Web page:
On September 19, 2013, the California Public Utilities Commission (“CPUC”) approved a pilot program intended to help attract private capital for investment in energy efficiency retrofits, distributed generation, and demand response projects for nonresidential customers. The program allows nonresidential utility customers to repay third-party lenders through the customer’s utility bill, a financing mechanism called “on-bill repayment” (“OBR”). By bundling repayment of the third-party loan with the customer’s energy costs on its utility bill, the CPUC hopes to reduce the event of loan default or delinquency, thus attracting new private capital and lowering borrowing costs for clean energy projects in the commercial/industrial sector.
Under the CPUC pilot program, California’s large, investor-owned utilities will post on their websites a list of eligible energy efficiency measures, distributed generation, and demand response projects. The utilities’ nonresidential customers may then obtain private capital for eligible projects with repayment of such capital made through an OBR mechanism. The program requires the utilities to use their existing bill collection practices for delinquencies and defaults and allows for termination of service for nonpayment of the OBR obligation. Any partial payments made by customers will be distributed pro rata between the energy charge and the repayment to the third-party lender. The program will not charge fees to the participating financial institutions, nor will it provide any ratepayer-funded credit enhancements.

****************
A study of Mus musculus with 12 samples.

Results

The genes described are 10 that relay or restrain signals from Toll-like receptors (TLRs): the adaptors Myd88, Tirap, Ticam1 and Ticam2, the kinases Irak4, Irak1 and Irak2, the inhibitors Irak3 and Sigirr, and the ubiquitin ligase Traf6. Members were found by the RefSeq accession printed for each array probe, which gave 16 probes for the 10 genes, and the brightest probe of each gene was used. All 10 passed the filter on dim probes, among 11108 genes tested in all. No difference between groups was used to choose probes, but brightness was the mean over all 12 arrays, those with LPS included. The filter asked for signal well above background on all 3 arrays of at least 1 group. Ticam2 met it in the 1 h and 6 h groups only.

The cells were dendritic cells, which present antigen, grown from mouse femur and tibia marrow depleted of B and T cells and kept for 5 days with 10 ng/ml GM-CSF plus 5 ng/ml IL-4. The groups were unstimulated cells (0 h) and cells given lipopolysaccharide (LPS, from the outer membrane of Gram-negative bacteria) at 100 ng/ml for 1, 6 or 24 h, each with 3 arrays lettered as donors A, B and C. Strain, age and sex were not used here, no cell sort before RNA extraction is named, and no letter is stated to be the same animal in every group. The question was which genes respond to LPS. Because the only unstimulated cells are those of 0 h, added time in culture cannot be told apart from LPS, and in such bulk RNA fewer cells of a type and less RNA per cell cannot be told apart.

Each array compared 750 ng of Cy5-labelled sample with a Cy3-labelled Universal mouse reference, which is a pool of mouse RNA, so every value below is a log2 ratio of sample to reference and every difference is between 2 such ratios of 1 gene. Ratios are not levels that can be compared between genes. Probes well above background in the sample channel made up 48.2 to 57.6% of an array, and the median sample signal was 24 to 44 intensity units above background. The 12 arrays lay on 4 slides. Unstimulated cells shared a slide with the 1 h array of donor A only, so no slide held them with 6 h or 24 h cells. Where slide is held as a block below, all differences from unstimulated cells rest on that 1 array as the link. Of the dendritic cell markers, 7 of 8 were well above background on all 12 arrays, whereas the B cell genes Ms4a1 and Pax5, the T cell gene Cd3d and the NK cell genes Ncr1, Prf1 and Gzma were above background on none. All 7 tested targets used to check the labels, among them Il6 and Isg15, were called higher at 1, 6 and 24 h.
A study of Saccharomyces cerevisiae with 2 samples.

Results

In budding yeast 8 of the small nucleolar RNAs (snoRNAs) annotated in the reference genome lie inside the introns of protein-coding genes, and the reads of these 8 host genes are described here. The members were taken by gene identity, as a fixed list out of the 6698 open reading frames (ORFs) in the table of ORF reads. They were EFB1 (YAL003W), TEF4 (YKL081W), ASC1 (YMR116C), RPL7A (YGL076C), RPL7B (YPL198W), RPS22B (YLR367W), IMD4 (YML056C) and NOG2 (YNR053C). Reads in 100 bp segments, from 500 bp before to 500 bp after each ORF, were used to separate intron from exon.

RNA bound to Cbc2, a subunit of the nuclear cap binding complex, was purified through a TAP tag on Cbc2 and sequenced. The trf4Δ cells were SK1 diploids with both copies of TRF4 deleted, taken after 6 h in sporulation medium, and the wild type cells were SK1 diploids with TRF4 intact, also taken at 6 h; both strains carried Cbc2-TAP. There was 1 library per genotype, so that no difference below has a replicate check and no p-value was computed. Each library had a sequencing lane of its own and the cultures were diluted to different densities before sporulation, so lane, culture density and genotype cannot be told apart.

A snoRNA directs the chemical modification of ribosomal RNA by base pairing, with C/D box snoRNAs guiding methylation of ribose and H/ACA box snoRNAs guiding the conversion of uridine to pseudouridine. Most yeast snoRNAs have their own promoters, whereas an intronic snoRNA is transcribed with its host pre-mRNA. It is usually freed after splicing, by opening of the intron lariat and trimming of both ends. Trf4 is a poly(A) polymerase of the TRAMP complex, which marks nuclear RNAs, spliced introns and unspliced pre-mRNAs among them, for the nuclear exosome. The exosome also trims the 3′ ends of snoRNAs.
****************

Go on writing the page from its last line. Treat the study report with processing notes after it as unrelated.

Notably, the CPUC declined to require OBR obligations to remain attached to the utility meter for a participating property in the event of a subsequent sale, lease, or other transfer of the property before full repayment of the obligation. Some parties, including financial institutions and project developers, had advocated for an OBR mechanism with a tariff-based charge that would survive changes of ownership. Indicating a reluctance to affect the rights of future property owners, landlords, and tenants, the CPUC decided instead on a “written consent” approach, under which subsequent property owners and tenants must give their written consent for the obligations to transfer.
The program is expected to boost demand for energy efficiency, distributed generation, and demand response projects at nonresidential properties in California.